EMA supports practical measures that are based put the safety and health of mine employees first.

Safety: the Industry’s #1 Priority

The safety and health of employees is paramount to EMA’s members. Accordingly, in 2003 EMA established a formal collaborative alliance with the Mine Safety and Health Administration (MSHA). The association also works closely with the Occupational Safety and Health Administration (OSHA) on safety and health policy and the National Institute for Occupational Safety and Health (NIOSH) to help set industry best practices. Senior officials from these agencies routinely speak at EMA conferences, and MSHA ceremonially presents EMA’s Safety Awards each year.

EMA closely monitors new policies and regulations that impact the safety and health of employees and communities but also the impact of policy on the industry’s ability to maintain a stable supply of essential minerals. Ensuring regulations are fair and equitable is important for the industry’s role in the manufacturing supply chain.


MSHA published a final rule in 2024 to set the permissible exposure limit (PEL) for respirable crystalline silica at 50 micrograms per cubic meter of air. EMA agrees that this change is long overdue and would harmonize the limit with the Occupational Safety and Health Administration. As noted by OSHA’s Inspector General in 2016, “OSHA indicated that after evaluating the best available evidence it was uncertain if there was any limit that would result in zero harm to workers,” but that “both OSHA and NIOSH warned that 50 μg/m³ is the lowest feasible limit.”

However, EMA’s comments to MSHA questioned the necessity of applying an Action Limit of 25 μg/m³ equally in both the coal and metal/nonmetal sectors of the mining industry. There is documented evidence the metal/nonmetal sector is not similarly afflicted with silicosis and pneumoconiosis, and numerous witnesses at MSHA’s silica hearings contended that the risk has proven to be manageable in that sector.

Safety Program for Surface Mobile Equipment

In 2024, MSHA issued a final rule that requires mine operators to have written safety programs for surface mobile equipment (excluding belt conveyors) at surface mines and surface areas of underground mines.  EMA appreciates that MSHA requires a written safety program, versus a safety plan requiring District Manager approval, that does not mandate adoption of specific technologies. Rather, the rule allows each operator flexibility to craft a written safety program based on that operator’s mine size, mining methods, number and types of equipment, climatic conditions, etc. EMA members collaborated with MSHA on sample safety programs for the industry to emulate.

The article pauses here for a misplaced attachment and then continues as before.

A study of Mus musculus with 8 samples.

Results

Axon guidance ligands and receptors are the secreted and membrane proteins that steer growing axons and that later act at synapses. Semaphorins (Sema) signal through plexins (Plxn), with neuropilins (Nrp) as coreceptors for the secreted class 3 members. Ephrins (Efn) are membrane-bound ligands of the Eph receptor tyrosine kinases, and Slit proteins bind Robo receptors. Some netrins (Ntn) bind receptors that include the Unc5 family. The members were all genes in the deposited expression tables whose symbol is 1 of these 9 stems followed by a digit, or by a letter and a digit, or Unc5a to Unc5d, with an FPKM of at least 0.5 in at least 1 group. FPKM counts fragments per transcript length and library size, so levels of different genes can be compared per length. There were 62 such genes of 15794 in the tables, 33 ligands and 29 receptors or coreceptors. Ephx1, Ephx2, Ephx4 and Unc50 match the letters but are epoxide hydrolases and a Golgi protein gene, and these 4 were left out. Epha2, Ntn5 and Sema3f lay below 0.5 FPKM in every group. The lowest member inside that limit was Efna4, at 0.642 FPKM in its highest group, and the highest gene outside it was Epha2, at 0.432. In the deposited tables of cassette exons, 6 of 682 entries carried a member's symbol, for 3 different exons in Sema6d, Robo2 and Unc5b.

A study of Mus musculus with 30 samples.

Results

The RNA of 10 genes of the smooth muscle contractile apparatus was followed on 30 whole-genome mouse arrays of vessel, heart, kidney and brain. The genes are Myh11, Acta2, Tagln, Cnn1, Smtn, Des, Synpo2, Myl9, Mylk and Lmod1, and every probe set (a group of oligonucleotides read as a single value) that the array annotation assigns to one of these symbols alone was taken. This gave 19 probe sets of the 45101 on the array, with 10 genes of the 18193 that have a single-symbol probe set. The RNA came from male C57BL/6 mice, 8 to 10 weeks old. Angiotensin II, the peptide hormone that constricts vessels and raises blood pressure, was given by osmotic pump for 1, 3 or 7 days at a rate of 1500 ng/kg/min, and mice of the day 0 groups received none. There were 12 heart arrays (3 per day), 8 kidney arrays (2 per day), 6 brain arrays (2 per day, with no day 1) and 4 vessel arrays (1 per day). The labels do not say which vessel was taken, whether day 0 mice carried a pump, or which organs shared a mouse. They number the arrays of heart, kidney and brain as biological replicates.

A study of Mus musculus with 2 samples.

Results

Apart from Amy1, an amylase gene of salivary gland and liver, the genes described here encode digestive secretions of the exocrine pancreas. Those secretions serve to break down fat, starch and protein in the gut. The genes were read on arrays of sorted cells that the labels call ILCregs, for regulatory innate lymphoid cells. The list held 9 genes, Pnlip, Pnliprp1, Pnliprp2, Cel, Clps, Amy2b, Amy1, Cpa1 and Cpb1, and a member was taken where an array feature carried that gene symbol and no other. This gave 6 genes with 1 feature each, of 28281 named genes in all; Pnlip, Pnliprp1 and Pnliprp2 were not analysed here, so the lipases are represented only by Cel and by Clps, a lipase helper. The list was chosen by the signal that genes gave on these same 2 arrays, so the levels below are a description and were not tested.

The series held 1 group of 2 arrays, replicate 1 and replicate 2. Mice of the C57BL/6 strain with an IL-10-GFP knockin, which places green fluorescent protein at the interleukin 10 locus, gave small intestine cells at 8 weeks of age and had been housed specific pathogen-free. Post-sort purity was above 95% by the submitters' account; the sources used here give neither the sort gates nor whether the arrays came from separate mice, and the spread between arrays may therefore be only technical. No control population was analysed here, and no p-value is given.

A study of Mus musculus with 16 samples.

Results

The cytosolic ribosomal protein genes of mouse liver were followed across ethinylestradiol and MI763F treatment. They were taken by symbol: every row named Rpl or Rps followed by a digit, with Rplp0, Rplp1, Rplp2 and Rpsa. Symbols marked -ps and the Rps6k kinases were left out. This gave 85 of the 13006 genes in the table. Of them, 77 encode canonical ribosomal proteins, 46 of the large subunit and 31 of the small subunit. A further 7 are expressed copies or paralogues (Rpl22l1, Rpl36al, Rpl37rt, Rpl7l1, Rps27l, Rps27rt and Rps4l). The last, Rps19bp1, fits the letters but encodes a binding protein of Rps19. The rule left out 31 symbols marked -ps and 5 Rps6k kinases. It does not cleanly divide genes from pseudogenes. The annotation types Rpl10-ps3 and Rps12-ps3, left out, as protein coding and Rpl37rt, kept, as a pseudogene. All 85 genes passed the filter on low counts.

In 2021, OSHA published an Advance Notice of Proposed Rulemaking on Heat Injury and Illness Prevention in Outdoor and Indoor Work Settings. EMA believes it is vital that a regulatory agency thoughtfully triage the need for rulemaking based on real-world data, yet to support its arguments, OSHA relied on data which clearly demonstrate that heat illness as a hazard does not necessitate rulemaking, either in terms of fatalities or injuries resulting in days away from work. Regrettably, by aggregating mining with oil and gas extraction, OSHA also explicitly overstated the incidence of heat illness in the mining industry.

To focus its resources on one of the least consequential hazards under its jurisdiction is inconsistent with OSHA’s history of addressing hazards that affect workers most. If OSHA proceeds with rulemaking, the agency should strive to strategically protect workers from extreme heat (and cold) without imposing undue burdens on employers whose workplaces pose little or no risk.